2004 - 2005 Public Lecture Series
Please join our fifth year of the Public Lecture Series!
Now in a new venue -- Beckman Institute Auditorium
April 27 - 8pm
Protecting Biodiversity in Southern California - Robert Fisher, USGS San Diego
Landscape scale conservation planning is an emerging tool used increasingly for resolving conflicts between urbanization and threatened and endangered species. This is particularly evident in biologically rich regions that are experiencing unprecedented human population growth such as Southern California. To address this, wildlife conservation agencies in California are focusing on creating regional multiple species conservation plans that meet the requirements of both federal Habitat Conservation Plans and state Natural Community Conservation Plans (NCCP). These plans are intended to establish landscape-scale reserve networks and long term programs to conserve and manage species “covered” by the plan while allowing development to proceed in less sensitive areas. Moreover, these plans go beyond the protection of listed species to also cover species that could become listed of not protected. The plans include goals for maintaining native biodiversity, rare habitat types, and ecological processes. The purpose is to integrate species conservation with ecosystem management creating powerful tools to face the challenges of conservation biology. Come and learn more biodiversity in Southern California from one of the leading experts in the field!
February 9 - 8pm
Real-time Forcasting of Tomorrow's Earthquakes - Matt Gerstenberger, USGS Pasadena
After a large earthquake in California, the questions on everyone’s minds are: "How many aftershocks will there be?" and "Is a big one coming next?". While we may not be able to answer these questions with absolute certainty, based on past observations of aftershocks we have a good idea of what to expect. By adding knowledge gained from past earthquake shaking to what we know of the expected number of aftershocks, we are now able to create maps of the chance of experiencing damaging shaking from these aftershocks. By continually monitoring earthquakes as they happen, we update the shaking maps every hour and display them on-line. Come and find out more about this cutting edge technology and how it can help keep you and your family updated on your earthquake hazard!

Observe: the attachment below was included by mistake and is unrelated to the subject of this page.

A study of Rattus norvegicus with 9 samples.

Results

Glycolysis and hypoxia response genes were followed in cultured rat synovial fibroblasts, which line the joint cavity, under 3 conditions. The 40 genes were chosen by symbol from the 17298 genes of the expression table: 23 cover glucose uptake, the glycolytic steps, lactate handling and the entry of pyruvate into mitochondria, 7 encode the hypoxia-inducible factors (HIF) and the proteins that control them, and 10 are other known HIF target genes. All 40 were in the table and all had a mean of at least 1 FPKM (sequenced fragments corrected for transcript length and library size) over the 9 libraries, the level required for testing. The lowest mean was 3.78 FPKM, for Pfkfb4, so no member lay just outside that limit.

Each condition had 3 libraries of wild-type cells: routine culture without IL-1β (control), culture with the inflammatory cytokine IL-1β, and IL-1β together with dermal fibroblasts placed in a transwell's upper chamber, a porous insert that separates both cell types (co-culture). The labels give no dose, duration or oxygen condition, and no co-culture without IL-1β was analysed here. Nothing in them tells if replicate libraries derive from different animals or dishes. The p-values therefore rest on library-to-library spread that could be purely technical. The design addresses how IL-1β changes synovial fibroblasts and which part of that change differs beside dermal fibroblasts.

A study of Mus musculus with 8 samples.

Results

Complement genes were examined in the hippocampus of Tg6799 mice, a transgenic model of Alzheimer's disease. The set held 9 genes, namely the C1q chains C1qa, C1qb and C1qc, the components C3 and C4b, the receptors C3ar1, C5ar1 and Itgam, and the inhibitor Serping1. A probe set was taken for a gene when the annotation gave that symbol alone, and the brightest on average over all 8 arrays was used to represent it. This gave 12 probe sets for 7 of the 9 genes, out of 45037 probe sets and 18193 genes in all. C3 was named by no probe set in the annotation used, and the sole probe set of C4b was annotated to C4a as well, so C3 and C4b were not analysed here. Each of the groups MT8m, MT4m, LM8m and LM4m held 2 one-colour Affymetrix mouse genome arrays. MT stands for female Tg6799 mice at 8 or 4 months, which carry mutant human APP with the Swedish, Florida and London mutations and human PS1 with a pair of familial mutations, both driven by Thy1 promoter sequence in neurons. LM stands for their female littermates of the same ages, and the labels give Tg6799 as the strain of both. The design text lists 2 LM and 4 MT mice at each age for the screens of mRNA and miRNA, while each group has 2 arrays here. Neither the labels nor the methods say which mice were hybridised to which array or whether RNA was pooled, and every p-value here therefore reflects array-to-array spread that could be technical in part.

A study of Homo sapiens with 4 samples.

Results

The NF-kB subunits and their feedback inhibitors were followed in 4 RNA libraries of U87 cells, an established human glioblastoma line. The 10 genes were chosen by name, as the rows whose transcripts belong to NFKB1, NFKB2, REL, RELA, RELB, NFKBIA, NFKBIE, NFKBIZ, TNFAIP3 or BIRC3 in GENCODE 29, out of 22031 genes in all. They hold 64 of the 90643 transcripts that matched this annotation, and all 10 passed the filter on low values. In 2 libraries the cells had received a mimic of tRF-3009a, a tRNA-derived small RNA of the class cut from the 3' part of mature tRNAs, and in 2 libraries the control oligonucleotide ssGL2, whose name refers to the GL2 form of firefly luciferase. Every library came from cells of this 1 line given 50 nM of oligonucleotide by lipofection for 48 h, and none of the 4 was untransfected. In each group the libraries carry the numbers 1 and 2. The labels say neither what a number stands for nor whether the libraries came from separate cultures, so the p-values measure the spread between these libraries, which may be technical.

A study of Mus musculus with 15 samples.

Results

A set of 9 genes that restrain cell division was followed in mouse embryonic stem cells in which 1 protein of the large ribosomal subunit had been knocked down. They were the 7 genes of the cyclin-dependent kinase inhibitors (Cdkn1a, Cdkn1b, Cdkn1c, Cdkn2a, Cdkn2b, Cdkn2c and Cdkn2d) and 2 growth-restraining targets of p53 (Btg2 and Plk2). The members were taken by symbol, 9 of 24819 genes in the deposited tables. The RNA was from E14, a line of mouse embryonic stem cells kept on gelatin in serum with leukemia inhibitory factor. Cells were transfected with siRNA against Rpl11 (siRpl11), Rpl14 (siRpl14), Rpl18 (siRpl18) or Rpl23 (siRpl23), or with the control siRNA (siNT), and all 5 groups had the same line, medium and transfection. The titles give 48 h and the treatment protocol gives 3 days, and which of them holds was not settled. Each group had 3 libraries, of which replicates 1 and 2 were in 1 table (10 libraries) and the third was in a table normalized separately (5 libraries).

January 12 - 8pm - note new lecture topic & new location!!!
The Sumatra Earthquake & Tsunami - USGS Staff & Caltech Faculty
In place of the regularly scheduled lecture, earth scientists of the USGS and Caltech will provide a briefing on what is known so far about the science of the Sumatrian earthquake and tsunami. They will describe the geologic setting of the earthquake, why it was so large, and how the tsunami was created. Preliminary analysis of the earthquake and how it affected the Earth will be discussed, as well as the reasons why the loss of life was so high and whether or not a tragedy of this type could strike the United States.
October 25 - 8pm
Wildfires + Rain = Debris Flows - Sue Cannon, USGS Golden
Debris flows can be one of the most hazardous consequences of rain on recently-burned hillslopes. The deaths of sixteen people during the Christmas Day 2003 storm that impacted recently-burned hillsides in southern California highlight the most drastic consequences of post-wildfire debris flows. The increased occurrence of catastrophic wildfires in the western United States, and the encroachment of development into fire-prone areas, has resulted in the need for tools and methods to identify and quantify the potential hazards posed by debris flows from burned watersheds. In this talk we will describe an approach developed to answer some of the questions fundamental to post-fire debris-flow hazard assessments - what, where, why, when, how big, and how often? Come and find out what is being done to understand and decrease the risk of debris flows in your area.